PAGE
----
Friday, January 31, 2014

How a Fire (Temporarily) Ruined My Reading Life

On the night of January 5-6, I had an apartment fire.  To be more precise, there was a fire that started in the basement in my apartment building that spread to my apartment; I didn't leave the candles burning too long.  This also happened to be a night that was -23ºF/-31ºC, not even factoring in the wind chill, so standing outside in the rain in my pajamas while watching my apartment burn was a lot of fun and really helped me out on an emotional level.

As you might be aware, fire tends to burn things.  That included treasured books, a journal I'd been keeping for about two years, and even my Kindle, among all the other things.  I have been awaiting my insurance payment before I can go and buy a new Kindle, so the books I was reading on there have had to go on hold.  

As it turns out, I read a good percentage of my books on my Kindle.  I suppose I hadn't really thought about it before, but I think more than half of my reading over the past year took place in the Amazon Cloud.  I've adopted that approach for one practical reason: space.  I have absolutely no space left in my home for books, so I really can't keep buying physical copies (even though I do).  I've also found it easier to get copies of eBooks from my local library than physical copies, since the latter so often have longer waiting lists and also laziness.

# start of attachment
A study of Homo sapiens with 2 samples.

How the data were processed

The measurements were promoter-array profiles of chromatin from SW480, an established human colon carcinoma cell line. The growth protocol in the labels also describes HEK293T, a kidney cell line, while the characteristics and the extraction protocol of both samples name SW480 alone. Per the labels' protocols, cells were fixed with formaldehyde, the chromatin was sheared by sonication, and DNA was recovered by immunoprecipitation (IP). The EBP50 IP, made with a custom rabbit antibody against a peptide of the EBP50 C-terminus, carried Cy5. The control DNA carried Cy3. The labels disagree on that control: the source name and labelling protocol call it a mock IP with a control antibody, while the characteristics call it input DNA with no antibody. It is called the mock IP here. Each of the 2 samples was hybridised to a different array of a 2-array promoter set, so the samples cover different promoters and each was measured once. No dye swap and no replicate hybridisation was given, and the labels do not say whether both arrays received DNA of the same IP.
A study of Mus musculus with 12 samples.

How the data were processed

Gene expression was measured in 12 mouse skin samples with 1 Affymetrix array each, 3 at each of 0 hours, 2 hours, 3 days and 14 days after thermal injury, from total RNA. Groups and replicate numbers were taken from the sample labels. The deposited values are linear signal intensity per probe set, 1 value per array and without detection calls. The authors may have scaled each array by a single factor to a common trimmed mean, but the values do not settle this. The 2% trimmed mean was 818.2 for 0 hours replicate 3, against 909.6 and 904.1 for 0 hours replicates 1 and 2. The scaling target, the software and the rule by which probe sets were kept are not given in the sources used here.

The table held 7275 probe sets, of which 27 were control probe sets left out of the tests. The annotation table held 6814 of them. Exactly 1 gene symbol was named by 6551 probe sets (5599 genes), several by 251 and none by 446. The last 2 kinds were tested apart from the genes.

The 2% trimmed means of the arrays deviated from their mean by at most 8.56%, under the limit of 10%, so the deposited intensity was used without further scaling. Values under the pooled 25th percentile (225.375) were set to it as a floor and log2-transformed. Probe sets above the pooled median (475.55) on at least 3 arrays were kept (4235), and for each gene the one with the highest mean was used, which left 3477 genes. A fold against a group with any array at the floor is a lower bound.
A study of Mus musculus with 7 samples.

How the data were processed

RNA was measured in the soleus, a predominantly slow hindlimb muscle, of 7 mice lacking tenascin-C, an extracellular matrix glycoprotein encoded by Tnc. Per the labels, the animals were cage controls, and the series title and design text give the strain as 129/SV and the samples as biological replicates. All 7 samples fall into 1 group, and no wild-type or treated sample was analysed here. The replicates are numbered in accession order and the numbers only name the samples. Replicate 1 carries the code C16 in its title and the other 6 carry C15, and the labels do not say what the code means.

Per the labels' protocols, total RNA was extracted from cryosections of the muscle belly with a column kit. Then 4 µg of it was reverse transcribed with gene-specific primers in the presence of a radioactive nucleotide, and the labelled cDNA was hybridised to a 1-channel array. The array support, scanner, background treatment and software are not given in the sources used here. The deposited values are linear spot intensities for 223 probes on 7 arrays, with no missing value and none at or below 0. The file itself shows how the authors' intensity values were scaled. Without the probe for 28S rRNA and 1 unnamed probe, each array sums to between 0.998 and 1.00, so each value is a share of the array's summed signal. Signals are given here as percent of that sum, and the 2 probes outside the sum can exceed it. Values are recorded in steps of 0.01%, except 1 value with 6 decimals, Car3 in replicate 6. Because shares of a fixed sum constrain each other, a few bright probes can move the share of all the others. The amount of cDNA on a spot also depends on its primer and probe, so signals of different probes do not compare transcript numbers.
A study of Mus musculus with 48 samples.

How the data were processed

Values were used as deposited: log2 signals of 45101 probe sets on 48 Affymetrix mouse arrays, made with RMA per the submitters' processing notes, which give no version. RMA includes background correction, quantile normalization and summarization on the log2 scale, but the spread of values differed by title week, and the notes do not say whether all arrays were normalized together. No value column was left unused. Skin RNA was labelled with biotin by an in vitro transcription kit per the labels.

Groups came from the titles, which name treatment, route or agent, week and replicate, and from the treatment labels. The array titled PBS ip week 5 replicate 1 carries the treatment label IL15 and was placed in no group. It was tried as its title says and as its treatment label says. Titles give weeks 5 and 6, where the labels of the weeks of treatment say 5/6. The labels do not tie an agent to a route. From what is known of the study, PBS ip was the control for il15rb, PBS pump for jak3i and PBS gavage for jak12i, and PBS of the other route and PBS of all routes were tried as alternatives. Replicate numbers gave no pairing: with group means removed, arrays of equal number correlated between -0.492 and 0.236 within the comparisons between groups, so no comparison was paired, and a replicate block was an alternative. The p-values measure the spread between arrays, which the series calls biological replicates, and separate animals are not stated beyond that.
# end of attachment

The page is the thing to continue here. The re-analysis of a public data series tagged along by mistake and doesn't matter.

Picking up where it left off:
So without my Kindle, I've been stuck.  I had been in the middle of multiple Kindle books that I've had to put to the side.  I had to let some library holds come and go since I couldn't download them.  My Goodreads page is showing me as being in the middle of eight books, when in reality, I can't easily access the majority of them.  I didn't get my replacement laptop until last week, and trying to read on my phone in bed at night just doesn't quite work for me.  

On top of that, there were the physical books I'd been reading, of course.  And the ones I'd just bought from Everyone's Books.  And the ones I'd just gotten for Christmas.  And on and on.  And I had to try to remember the names of all my books for the insurance claim, as if that's even possible for a voracious reader.  I couldn't even give a number, much less all the names.  I gave what I could, knowing full well that I undervalued my losses, and tried to mentally move on.

So I feel disoriented as a reader right now.  There are unfinished stories that I want to wrap up.  There were waiting lists I'd been on for months and now will have to get back on.  There were imports and special editions that I can't easily track down again.  There are a lot of reading-related problems that I could never have expected when I woke up to the faint scent of something wrong that night.

And even with all the other material losses, it's these problems -- not being able to know what happens next, not knowing where the next page is going, not knowing how the metaphor resolves -- that bother me the most about a fire that ate up my belongings while I stood in the freezing rain and watched.  

And that's how you know you love books.